This past summer, on August 1st-3rd, two representatives of Methodist Physicians Group, Sue Ginn, RN and Quality Improvement Specialist & Analyst, and Tiffany Smith, RN and Population Health Coordinator, accompanied Trudi Matthews, Robin Huffman, and Kelly Fountain to the Transforming Clinical Practice Initiative (TCPI) National Expert Panel (NEP) conference in Columbia, Maryland. They represented the CMS sponsored Great Lakes Practice Transformation Network (GLPTN) as one of the designated Exemplary Practices within the GLPTN consortium of four states. As a designated Exemplary Practice, an organization must currently be in Phase 4 out of 5 phases of practice transformation, as defined by CMS. They must also have an improvement in least one outcome Quality measure, and be identified an Exemplary Practice by CMS. Methodist has seen improvement in their diabetic measure, and are currently in Phase 4; they are nearing completion of Phase 5.
Methodist has locations in Webster, Henderson, and Union counties in Western Kentucky. They see nearly 10,000 patients per month at two hospitals, 18 clinics, and an urgent care clinic. Ms. Ginn spoke at the conference and shared their experiences with attendees, as they have made significant improvements and changes in their organization. After the conference Sue said, “the highlight for me was listening to the comments and strategies of other practices to get provider buy in, patient compliance, and in general how they achieved the CMS Exemplar Practice Goals. I came back with some great ideas to try with our providers and staff. Listening to the patient stories was motivating, to understand their thoughts on the different processes within the practices and how to make things better for them.”
They have seen significant successes in the reduction of hospital readmissions and ER visits. Methodist also improved their diabetic quality measures, with a decrease of 10% in their A1C numbers from 2017 to 2018. Many of their successes have been due to the addition of hiring a Quality Improvement Specialist, along with adding five Care Coordinators to their QI team. They have also tied Quality Performance standards to provider contracts, and Sue meets often with each individual provider at their organization to review Quality metrics and requirements in order to achieve the required standards. Regarding their quality journey, Sue states that she was surprised by “the overall improvement on the individual measures from 2016 to 2017.” She said, “Our providers and clinical staff have accepted the changes, for the most part, that have been put into place to meet the measures. Our administration has been very supportive of the quality program and emphasized to the providers the importance of meeting the thresholds.”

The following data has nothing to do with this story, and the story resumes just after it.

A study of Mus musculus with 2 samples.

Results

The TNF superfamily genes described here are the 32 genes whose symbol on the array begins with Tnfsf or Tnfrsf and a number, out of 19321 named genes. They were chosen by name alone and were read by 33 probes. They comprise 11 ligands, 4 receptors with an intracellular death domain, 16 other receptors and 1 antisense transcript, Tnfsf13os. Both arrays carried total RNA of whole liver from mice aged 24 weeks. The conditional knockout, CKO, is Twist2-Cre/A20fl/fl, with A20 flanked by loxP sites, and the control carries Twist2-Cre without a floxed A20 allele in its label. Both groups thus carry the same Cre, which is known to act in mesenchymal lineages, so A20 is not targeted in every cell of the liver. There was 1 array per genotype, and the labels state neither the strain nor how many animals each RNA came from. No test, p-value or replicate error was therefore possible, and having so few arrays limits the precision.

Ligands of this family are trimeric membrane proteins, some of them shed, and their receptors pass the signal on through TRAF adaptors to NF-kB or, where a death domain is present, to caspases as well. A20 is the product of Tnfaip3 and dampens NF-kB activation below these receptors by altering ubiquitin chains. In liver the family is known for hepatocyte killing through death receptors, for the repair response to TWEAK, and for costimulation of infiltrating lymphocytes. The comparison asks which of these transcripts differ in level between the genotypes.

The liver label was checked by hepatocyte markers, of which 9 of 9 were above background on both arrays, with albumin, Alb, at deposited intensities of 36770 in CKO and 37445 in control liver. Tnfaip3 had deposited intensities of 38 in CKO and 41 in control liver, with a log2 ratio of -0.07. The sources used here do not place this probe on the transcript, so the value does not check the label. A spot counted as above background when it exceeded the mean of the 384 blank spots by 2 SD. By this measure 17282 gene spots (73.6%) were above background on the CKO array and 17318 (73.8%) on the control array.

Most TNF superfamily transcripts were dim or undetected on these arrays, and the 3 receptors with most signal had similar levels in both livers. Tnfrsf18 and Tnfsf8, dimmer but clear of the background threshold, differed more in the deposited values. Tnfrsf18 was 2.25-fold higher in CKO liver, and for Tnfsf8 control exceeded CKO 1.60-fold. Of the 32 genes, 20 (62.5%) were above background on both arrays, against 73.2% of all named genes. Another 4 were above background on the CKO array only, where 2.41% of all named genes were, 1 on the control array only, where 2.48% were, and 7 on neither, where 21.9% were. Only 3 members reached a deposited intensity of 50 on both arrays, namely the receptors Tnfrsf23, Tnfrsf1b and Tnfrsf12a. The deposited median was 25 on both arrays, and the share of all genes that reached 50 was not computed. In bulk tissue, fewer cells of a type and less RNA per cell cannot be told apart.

Methodist has achieved this during a time when they faced significant hurdles, as they switched EHRs and had, “two systems that housed the necessary data”, and had to do “manual extraction of all the data for reporting via web interface.” Sue said, “I think 2018 data collection will be easier. The majority of the information will be in our new EHR but some of it may still be in the previous EHR, such as colon cancer screening or pneumonia vaccines.” Not all will be solved right away, as Sue remarked, “We are still struggling to find a way to track the patients with a new diagnosis of depression so we can meet the depression remission at 12 months. Our new EHR doesn’t have a mechanism for alerting the provider or staff that a new PHQ9 is needed at a specific date. If we could run a report to collect the data, if no office visit, we could call the patient and complete the PHQ9 via phone.” They are still working on how to build a report that will help them with this measure.
The Methodist team is wonderful for Kentucky REC Quality Improvement Advisors to work with, and they are willing to work on suggestions to improve their efforts and make the lives of their patients better. They have gone from a negative payment adjustment in previous years to a positive payment adjustment for 2017, with a nearly perfect MIPS score. Besides speaking at the conference, they shared their tips during a live Q-Source webinar in July for practices seeking ideas and help with improvement in MIPS and Quality performance.
Many practice representatives from across the nation at the National Expert Panel were able to speak with Sue and Tiffany during the conference. They were able to learn from their presentation, and gain valuable lessons and ideas and solutions for their own improvement endeavors. Our team at Kentucky REC has now made new long term friends from this quality improvement journey, culminating in the trip to Maryland. We are proud to share Methodist’s achievements on a national level.